Beets grow best with steady moisture and no drought

April 7, 2021

When I shared a picture I took of a man with a chicken at a trolley stop, our friend James responded with a single word, “gobsmacked." Such a great word, gobsmacked, from the English-Scottish slang term gob, meaning “mouth” along with the verb smack, like a slap, so it means something so awesome it is like it smacked you in the mouth. So sometimes you just want to grow something jaw-dropping, awesome, hit-you-in-the face, a dahlia blossom the size of a man's head or any vegetable that will gobsmack your friends. For sheer fun, you can't beat Mammoth Red Mangel beet. This is one big beet, with roots weighing up to 40 pounds. It is easy to grow and is completely edible at all stages.

Mangels (Beta vulgaris), are part of a large group of fodder crops that are no longer practical to grow on a large scale for feeding animals. Fodder beets are perfect for small homesteaders or home gardeners who keep any livestock from chickens to pigs to cattle. Mammoth Red Mangel beets contain less water and more sugar than many feeds, and are more nutritious and aid in milk production. These beets yield a tremendous amount of food value per acre. 

You can of course, harvest Mammoth Red Mangels when young to eat yourself. Try the roots at a more manageable pound or two. Chop the roots to add to soups, curries and stews. Boil them up and serve mashed with butter, just like potatoes.

Because they have lots of natural sugar, Mammoth Red Mangel beets are used in home brewing, where the sugar is converted to alcohol.

In addition to the enormous roots, the Mammoth Red Mangel provides endless amounts of beet leaves for fresh salad greens, steamed or sauteed with olive oil and garlic. Like all root crops, mangels grow best when planted in full sun to light shade, in deeply tilled, free-draining soil. If your soil has lots of clay or rocks, you can add compost before planting. Sow the seed in early spring on into early summer. They need a long growing season of 100 days to reach full size.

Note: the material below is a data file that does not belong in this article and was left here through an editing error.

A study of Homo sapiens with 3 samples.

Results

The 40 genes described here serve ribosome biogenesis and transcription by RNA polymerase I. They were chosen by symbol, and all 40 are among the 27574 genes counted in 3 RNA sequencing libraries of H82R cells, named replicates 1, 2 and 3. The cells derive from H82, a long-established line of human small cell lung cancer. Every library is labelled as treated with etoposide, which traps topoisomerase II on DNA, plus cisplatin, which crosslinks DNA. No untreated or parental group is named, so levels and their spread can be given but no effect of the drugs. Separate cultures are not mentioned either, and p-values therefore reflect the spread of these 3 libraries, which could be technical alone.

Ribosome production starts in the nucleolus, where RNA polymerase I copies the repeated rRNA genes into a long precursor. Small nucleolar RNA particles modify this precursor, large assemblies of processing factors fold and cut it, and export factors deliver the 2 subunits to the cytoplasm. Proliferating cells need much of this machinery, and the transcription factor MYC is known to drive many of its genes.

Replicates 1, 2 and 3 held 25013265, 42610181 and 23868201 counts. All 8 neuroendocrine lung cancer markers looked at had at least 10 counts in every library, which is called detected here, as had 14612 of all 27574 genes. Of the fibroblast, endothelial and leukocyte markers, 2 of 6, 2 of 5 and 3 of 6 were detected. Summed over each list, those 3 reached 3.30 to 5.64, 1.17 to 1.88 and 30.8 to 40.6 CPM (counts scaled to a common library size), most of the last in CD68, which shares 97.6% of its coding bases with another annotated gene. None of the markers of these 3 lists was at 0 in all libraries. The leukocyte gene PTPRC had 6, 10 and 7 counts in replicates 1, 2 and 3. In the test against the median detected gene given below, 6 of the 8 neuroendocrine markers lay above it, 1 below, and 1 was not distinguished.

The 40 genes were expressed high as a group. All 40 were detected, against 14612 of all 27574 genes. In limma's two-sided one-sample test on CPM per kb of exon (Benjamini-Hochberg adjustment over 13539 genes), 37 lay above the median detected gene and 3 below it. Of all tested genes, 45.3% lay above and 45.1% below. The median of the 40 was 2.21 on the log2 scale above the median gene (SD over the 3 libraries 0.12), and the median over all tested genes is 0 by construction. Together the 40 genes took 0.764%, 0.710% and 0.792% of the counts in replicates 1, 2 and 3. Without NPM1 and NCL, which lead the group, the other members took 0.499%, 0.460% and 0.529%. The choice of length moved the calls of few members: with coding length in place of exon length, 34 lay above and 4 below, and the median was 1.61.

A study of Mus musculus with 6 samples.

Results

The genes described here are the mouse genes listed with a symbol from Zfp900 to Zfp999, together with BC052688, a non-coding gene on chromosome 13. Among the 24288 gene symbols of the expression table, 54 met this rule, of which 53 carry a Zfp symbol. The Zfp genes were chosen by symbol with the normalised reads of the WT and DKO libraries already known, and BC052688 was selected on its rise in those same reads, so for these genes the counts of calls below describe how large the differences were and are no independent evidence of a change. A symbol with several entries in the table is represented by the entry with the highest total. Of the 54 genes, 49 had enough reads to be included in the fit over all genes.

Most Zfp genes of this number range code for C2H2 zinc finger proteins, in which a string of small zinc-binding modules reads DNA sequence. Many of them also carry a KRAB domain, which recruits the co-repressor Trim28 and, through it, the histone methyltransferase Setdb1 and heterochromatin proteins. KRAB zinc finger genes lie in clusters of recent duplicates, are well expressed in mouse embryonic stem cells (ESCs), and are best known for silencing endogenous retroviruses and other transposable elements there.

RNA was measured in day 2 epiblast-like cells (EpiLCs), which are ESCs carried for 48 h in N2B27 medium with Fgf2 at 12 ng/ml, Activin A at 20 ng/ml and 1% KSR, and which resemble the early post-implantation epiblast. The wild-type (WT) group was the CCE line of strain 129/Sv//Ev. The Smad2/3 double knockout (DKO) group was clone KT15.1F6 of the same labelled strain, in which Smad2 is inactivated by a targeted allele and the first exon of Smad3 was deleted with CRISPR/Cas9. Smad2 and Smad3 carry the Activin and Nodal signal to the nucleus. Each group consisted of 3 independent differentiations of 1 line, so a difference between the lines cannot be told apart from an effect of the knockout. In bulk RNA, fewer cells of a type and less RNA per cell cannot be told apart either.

Soak the seeds overnight before planting for best germination. Plant the seeds two inches apart, one-half inch deep. Once the seedlings are up, thin them by cutting with scissors so that eventually they stand eight inches apart. 

You can use the thinnings in salads or stir fries.

Beets grow best with steady moisture and no periods of drought. Give your Mammoth Red Mangel beets at least one inch of water every week.

As they grow, they force themselves out of the soil, so often there will be the entire beet top above ground. These beets are a dusky red above ground, and a bright, clear red beneath the soil. The flesh is sparkling white. From seed to fully grown mangel is around 100 days.

Because it is not a hybrid, you can save your own seeds from your Mammoth Red Mangel beets.

This is a biennial plant that will bloom and go to seed after two years. To save seed, select the best roots and let them spend the winter in a box of peat moss in a cool, dark area away from sunlight and drafts. The following spring, replant these roots into the garden. They will bloom and set seeds. And you can plant more Mammoth Red Mangel beets and show off a root as big as a toddler. Your friends will be gobsmacked.

  • Paul Barbano writes about gardening from his home in Rehoboth Beach. Contact him by writing to P. O. Box 213, Lewes, DE 19958.